PSA: Unlike mechanical relays, most solid state relays are made to switch only AC voltages. Which means that you shouldn’t use one to drive a 12V or 24V (DC) heated bed. A proper MOSFET is a much better choice here.
SSRs are typically designed to minimize switching losses by only switching off (or on) at the point where the switched voltage inverts its polarity - also called zero cross trigger or zero-crossing detection. Since a DC supply never inverts its polarity (or even drops to zero), the behavior of the SSR may become unpredictable, ranging from the SSR never turning on or off or the entire SSR melting down.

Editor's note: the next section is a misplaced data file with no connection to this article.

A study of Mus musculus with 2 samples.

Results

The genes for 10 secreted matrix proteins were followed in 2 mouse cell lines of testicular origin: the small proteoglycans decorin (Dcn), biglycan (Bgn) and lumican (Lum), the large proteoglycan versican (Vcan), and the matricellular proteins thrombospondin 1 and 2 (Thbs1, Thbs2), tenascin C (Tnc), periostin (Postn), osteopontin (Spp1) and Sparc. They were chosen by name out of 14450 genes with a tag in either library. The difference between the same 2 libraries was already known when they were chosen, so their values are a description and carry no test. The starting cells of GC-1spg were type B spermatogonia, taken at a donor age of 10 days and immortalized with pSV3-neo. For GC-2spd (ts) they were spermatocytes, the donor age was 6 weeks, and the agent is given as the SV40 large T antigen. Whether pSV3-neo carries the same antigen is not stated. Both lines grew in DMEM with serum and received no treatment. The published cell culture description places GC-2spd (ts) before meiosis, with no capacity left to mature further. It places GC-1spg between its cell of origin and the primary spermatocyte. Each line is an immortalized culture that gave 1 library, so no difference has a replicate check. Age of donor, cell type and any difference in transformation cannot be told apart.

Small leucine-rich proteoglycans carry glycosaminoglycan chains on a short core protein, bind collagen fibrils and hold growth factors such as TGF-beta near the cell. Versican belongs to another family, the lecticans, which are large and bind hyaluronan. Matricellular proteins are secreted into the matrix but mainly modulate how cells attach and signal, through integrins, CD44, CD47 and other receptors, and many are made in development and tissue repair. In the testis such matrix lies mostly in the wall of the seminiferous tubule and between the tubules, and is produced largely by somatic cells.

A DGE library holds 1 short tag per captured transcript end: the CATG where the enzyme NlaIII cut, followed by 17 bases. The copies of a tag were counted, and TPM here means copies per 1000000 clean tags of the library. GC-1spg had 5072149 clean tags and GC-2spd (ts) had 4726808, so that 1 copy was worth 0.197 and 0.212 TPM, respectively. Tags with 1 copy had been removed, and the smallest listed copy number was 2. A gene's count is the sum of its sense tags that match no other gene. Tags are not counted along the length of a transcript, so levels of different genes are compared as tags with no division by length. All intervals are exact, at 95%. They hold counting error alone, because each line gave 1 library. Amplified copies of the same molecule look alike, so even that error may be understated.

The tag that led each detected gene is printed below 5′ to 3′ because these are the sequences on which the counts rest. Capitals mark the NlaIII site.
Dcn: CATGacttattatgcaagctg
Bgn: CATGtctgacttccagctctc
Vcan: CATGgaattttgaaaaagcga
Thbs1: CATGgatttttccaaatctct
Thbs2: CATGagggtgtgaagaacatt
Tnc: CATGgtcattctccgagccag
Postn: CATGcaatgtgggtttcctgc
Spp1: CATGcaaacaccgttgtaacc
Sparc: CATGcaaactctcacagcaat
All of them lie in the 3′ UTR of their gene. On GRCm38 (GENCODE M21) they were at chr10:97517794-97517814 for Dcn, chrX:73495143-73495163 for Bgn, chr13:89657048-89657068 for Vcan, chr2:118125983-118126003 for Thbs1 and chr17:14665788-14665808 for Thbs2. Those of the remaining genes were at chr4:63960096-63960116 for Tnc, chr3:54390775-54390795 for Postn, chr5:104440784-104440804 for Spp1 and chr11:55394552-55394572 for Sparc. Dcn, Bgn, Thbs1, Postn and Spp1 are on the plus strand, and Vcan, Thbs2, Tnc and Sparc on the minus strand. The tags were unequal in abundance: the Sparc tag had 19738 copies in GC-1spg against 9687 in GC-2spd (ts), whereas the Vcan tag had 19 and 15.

Also, SSRs have a comparatively high voltage drop across their output (Fotek states 1.6V), which causes high losses when switching large currents and reduces the available power at your heater.
Not quite true. A SSR employing a triac will exhibit the behaviour of turning off when load current approaches zero but, unless it has a zero-crossing detector to control switch-on (which a lot do not have), it may be switched on at any part of the AC cycle. This can have issues for e.g. inductive loads which object to the application of a DC bias. Here you must ensure the switch-on occurs at the same point of each AC half-cycle.
Any good articles comparing the performance of MOSFET vs SSR vs other types of current switches? I’d like to see how they perform in terms of efficiency, heat, etc. I have a RAMPS 1.4 board and love it, but it seems like a good idea to move power off that board where possible, and SSRs seem to be an economical option. But is the original post correct? Are SSRs a “hack” when used with DC current?